Welcome to summer, everyone. (I think most people agree it starts after Memorial Day, right?) One of the things I’ve always loved about summer is cold brew coffee. As most of you know, I’ll take coffee  anytime year round, but cold brew is its own animal and worth appreciating as such. That said, cold brew  needs to be done right to achieve the smoothness and sweetness its known for. Here’s how I create my own cold brew.
- 2/3 cup medium-coarse ground coffee
- 2 cups filtered water
- Optional: 4 Tbsp. Milk, Cream or Alternative Milk (I personally use regular cream, but many of my readers avoid dairy. Thrive Market  has a clean and tasty version of Oat Milk. For those looking for other alternatives, check out this post on non-dairy milk .)
- You’ll also want a couple medium mason jars with lids.
Grind 3/4 cup of whole bean coffee to a medium-coarse consistency as pictured to make about 2/3 cup ground coffee. (I wouldn’t advise the pre-ground coffee you find in the store, since you’ll have a heck of a time trying to drain it. The result? Coffee that’s likely too strong and muddy instead of smooth.)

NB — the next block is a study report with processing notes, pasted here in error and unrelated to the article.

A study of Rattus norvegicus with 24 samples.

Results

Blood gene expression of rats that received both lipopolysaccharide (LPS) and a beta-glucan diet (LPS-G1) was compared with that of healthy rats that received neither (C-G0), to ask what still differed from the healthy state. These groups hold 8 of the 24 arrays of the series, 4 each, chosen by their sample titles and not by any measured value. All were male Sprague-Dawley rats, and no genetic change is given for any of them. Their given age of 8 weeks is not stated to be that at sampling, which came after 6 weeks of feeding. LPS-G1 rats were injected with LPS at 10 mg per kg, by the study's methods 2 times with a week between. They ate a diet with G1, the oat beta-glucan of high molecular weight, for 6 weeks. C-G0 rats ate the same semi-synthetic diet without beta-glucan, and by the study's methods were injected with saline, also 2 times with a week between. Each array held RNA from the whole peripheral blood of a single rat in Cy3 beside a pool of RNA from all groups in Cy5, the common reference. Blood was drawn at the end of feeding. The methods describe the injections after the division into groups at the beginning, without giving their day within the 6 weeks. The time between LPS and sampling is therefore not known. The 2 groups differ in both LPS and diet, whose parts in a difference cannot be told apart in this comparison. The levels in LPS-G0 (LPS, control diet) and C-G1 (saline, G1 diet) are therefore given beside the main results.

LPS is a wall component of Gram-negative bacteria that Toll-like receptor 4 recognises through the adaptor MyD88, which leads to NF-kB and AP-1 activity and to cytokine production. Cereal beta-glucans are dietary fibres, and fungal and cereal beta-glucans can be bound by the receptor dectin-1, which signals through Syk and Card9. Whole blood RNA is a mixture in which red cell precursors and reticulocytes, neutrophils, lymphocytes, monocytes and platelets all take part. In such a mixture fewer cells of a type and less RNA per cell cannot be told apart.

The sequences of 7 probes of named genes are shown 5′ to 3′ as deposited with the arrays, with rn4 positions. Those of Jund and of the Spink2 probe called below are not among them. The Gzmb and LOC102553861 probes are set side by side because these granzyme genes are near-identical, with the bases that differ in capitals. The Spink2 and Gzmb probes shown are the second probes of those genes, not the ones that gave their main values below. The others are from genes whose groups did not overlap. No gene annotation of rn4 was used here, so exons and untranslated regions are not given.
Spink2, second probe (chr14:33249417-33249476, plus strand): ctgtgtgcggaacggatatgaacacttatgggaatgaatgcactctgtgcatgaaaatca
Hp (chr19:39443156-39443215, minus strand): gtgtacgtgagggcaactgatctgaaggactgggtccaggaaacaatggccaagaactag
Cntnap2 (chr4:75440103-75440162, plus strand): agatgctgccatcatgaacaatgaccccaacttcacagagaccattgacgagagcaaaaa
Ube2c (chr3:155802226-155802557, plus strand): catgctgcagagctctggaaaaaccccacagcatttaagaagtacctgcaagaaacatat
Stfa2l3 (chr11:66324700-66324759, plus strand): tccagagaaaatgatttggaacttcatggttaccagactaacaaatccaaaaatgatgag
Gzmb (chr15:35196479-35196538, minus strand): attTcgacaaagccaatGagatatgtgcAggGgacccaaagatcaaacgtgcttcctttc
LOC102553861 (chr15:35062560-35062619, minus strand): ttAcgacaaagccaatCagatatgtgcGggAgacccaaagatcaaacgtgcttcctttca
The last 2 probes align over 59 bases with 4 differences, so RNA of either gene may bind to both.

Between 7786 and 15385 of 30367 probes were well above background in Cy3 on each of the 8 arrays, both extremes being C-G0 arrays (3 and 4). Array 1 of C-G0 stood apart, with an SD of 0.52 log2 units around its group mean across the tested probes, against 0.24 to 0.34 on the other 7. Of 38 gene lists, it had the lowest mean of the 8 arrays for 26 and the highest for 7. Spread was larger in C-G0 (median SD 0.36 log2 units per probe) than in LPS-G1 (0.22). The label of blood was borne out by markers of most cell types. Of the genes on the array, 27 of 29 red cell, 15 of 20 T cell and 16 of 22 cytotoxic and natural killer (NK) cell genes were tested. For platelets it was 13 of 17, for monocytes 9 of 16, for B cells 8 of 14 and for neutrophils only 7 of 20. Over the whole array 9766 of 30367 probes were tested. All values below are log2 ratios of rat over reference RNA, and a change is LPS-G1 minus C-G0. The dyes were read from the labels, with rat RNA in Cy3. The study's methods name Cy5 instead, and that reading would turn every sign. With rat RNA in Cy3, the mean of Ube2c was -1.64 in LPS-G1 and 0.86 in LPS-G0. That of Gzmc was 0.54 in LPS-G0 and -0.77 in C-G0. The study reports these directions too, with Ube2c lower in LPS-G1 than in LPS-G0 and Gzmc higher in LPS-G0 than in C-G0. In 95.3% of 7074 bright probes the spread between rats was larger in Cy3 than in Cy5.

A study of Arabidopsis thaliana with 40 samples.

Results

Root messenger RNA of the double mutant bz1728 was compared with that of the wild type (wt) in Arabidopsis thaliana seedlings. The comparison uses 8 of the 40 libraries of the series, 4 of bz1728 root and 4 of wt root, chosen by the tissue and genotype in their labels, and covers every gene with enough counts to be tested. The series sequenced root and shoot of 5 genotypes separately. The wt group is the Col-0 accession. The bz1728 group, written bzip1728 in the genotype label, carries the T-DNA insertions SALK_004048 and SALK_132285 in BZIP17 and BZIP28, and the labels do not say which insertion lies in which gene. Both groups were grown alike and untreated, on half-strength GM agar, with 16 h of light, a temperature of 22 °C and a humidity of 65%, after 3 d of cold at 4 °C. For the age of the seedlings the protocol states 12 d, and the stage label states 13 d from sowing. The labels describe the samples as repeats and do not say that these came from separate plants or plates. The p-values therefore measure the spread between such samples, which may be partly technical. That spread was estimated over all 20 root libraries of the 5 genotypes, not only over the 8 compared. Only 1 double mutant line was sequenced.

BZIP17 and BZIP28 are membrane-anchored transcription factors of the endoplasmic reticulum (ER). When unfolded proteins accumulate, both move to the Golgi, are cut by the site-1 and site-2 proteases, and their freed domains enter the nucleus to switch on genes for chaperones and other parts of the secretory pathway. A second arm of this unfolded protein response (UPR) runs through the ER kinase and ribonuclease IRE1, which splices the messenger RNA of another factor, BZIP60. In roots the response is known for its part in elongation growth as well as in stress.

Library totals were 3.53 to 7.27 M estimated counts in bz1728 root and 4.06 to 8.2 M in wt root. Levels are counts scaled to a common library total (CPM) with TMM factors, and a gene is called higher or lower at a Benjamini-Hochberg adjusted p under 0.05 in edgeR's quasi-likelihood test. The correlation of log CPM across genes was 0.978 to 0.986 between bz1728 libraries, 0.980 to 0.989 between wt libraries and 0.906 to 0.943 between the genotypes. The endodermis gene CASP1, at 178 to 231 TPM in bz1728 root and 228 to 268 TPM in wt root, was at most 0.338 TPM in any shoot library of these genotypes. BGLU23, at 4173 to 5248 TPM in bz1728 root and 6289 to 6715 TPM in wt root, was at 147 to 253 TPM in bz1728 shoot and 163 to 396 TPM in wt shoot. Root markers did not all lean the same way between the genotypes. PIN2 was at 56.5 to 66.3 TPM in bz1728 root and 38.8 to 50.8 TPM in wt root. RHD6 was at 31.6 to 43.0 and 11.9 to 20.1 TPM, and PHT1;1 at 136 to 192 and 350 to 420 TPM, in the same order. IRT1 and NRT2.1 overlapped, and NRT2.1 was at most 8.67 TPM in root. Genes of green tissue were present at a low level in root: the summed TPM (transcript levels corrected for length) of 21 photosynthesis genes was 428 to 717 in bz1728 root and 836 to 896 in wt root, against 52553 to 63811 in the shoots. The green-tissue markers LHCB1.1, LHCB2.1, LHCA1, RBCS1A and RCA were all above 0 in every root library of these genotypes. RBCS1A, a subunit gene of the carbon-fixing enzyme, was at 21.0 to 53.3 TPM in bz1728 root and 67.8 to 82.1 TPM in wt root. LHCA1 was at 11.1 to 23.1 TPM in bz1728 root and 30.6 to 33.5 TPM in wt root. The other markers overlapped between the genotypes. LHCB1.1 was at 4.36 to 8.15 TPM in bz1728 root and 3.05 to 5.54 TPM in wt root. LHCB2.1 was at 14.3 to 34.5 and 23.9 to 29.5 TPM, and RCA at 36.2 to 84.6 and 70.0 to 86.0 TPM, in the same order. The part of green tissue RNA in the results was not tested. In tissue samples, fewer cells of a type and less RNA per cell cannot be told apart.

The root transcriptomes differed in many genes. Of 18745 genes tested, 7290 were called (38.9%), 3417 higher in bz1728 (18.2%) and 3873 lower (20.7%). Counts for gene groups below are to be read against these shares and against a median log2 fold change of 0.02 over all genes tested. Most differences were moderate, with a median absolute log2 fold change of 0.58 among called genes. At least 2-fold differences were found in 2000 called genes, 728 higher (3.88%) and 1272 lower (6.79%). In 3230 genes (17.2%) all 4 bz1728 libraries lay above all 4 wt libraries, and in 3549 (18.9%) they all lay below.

Divide the ground coffee between two medium mason jars. Pour room temperature filtered water over the coffee—one cup of water per jar. Screw the lids on tight, and let infuse at room temperature for 12 hours. This is where the magic happens. You could go a little shorter (e.g. 10 hours) if you need it sooner, but I’d be cautious about exceeding 12 hours as I’ve found a lot of coffee gets bitter pretty quickly past that point. Start with 12 hours and experiment from there if you want a more concentrated brew. Some people like to put the jars in the refrigerator for added chilling. This works, but the infusing process will be a little slower.
After 12 hours, open each jar. Filter through a clean dish towel or cheesecloth. I know some folks use a very fine sieve or paper coffee filters for this step. Others like to double filter.
Check for concentration and dilute (to your own personal taste) with cold, filtered water, diluting less if you’re going to add milk or cream or if you’re going to use ice.
Put a few ice cubes in the bottom of two glasses, pour coffee over them. Add milk or cream if that’s your thing.
Store any extra filtered coffee in a clean mason jar in the refrigerator, and use within a few days for freshness.
Thanks for stopping by, everybody. Do you have a recipe you’d like to see the team or I cover? Share your ideas below. Have a great week.